While Congress is principally responsible for overcriminalization, the federal courts deserve their share of the blame. In their readiness to interpret federal statutes broadly, the federal bench has created expansive rules of direct and vicarious criminal liability. In that process, however, the courts have not stopped to ask the question, “Should the same rules apply to government officials when they engage in misconduct?” The failure of the courts to ask that question may account for some of the expansive liability rules that now exist.
Corporations were artificial entities under the common law and could not be charged with a crime, although corporate directors, officers, and employees could be. Initially, those individuals could be held liable only for their own conduct. Since then, however, the Justice Department has persuaded courts to expand that rule in at least two significant ways.
First, the government has successfully argued that corporate officers and managers should be held liable not only for their own wrongdoing, but also for the misdeeds of personnel they supervise or others below them in the organizational chart—even if those officers and managers had no hand in the illegal conduct. In the food and drug area, for instance, a senior corporate officer can be held criminally responsible for violations of the Federal Food, Drug, and Cosmetic Act committed by line personnel working at one of the company’s facilities. As a result, the criminal liability of some corporations and senior corporate officials can effectively parallel their tort liability.
Second, the government has persuaded courts to adopt the “collective knowledge” doctrine, “under which a corporation’s knowledge is deemed to be the sum of everything that its employees know when they act within the scope of their responsibilities, even if no one person knew all the necessary facts.”
A Pattern of Unequal Treatment
Curiously, the courts never stopped to ask whether the same rules should apply to the government and its officers. If a corporation can be held liable for the wrongdoing of its employees as long as they are not engaging in conduct that is a clear departure from anything that could be considered job-related, why not a government department or agency. If a company president can be held liable for the misdeeds of the firm’s personnel, should not the Attorney General or the FBI Director be held to the same standard?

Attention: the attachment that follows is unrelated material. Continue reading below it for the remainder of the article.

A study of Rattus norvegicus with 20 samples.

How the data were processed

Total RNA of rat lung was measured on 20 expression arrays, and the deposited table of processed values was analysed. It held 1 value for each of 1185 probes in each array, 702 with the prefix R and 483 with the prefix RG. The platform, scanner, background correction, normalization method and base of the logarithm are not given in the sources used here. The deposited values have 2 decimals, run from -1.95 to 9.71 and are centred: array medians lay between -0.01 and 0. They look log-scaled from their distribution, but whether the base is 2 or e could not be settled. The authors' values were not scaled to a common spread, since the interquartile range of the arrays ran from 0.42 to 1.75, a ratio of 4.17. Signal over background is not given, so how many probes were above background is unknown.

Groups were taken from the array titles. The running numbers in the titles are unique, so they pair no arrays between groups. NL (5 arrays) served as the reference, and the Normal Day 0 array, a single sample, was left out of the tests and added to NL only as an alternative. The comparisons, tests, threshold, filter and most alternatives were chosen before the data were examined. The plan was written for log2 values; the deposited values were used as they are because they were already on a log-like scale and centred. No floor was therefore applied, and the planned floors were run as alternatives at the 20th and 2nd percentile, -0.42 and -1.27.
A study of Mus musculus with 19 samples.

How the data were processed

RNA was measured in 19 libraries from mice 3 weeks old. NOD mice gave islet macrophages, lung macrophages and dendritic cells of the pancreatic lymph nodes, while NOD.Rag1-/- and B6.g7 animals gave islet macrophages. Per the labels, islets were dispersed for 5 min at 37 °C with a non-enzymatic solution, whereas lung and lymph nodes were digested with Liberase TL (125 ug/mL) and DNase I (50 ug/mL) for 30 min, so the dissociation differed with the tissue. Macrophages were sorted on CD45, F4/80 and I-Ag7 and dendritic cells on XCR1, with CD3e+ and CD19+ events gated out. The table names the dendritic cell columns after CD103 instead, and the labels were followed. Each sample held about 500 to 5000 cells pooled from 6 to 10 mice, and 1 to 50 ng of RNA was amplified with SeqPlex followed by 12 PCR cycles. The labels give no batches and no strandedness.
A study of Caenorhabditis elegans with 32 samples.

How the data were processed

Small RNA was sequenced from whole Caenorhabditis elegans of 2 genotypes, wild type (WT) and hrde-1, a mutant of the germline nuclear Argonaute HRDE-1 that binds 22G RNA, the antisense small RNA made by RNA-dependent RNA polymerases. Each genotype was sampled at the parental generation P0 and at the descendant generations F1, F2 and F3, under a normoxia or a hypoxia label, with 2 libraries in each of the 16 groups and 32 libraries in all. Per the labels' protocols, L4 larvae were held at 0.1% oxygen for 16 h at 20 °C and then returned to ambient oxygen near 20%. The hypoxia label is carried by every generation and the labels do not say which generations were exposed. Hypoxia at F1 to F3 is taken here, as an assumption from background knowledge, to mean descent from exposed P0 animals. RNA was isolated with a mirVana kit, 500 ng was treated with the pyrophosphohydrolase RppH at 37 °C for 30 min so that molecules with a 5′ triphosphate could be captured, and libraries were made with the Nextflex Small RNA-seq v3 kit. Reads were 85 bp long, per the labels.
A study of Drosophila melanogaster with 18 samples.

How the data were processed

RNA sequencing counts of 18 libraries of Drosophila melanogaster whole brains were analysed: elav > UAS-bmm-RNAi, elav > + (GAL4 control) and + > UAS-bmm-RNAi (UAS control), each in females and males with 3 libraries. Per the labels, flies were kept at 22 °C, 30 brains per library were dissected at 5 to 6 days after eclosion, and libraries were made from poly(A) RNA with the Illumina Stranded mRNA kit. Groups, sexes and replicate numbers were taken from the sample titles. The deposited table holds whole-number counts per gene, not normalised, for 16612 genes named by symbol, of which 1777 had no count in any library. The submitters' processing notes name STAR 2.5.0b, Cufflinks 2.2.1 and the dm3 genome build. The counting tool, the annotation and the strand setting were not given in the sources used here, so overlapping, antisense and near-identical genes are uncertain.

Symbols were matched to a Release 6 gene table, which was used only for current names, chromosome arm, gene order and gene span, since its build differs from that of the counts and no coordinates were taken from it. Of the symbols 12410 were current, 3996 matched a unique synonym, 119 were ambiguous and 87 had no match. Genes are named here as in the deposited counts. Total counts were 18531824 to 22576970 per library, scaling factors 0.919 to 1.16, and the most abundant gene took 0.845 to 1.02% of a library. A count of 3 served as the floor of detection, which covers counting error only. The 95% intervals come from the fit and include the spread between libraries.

It is no answer to argue that these government officials could not carry out the duties of their offices if they were forced to manage the day-to-day work of every Justice Department lawyer and FBI agent. Indeed, the same is true of the president of a large corporation. Even if proximate cause principles would render the Attorney General or the FBI Director too remote from an actual violation to be held responsible, what about the U.S. Attorney for the district involved or the Special Agent in Charge of the local FBI office? They have but one office to manage, not the entire nation. A plant manager does not receive immunity from prosecution for the misdeeds of his employees even though he cannot monitor everything going on in his plant. Why should federal officials in a parallel position be treated differently?
The answer cannot be that there are adequate safeguards in place to ensure that no official wrongdoing can occur. Recent “miscues” put the lie to that claim.
The answer also cannot be that there is something special about being a federal official that renders federal officials immune from criminal liability. The Constitution grants Members of the Senate and House of Representatives a limited immunity from criminal prosecution or civil liability—only for statements made on the floor of each chamber—and grants no other federal official comparable amnesty. To be sure, lower-level government employees are entitled to rely on facially reasonable directions from senior officials without fear of incurring liability, even if it turns out after the fact that what they have been ordered to do is in fact illegal. But that is not a special rule for federal law enforcement officers. Any member of the public may rely on the legal opinion of federal officials that particular conduct is lawful.
The point is not that the courts should be eager to hold senior federal officials vicariously liable for the criminal actions of subordinates; they should not. Even if the government were to bring such a prosecution, neither the Attorney General nor the FBI Director should be held criminally liable for the crimes of lawyers and agents that they had no role in committing. The point is that private parties should receive the same treatment.
Courts should refuse to adopt novel readings of criminal statutes that expand criminal liability in order to reach conduct that they find immoral or unethical and that they fear otherwise will go unpunished, whether the defendant is a government official or a private party. If courts looked at the issue from the perspective of government officials’ own liability, they might—and should—hesitate before expanding the breadth of federal criminal laws and might—and should—force Congress to legislate with specificity and precision. After all, sauce for the goose should be sauce for the gander.
—Paul J. Larkin, Jr., is a Senior Legal Fellow and Manager of the Overcriminalization Project in the Edwin Meese III Center for Legal and Judicial Studies at The Heritage Foundation. The discussion in this paper is an abbreviated version of the one found at Paul J. Larkin Jr., Public Choice Theory and Overcriminalization, 36 Harv. J.L. & Pub. Pol’y 715, 786–90 (2013).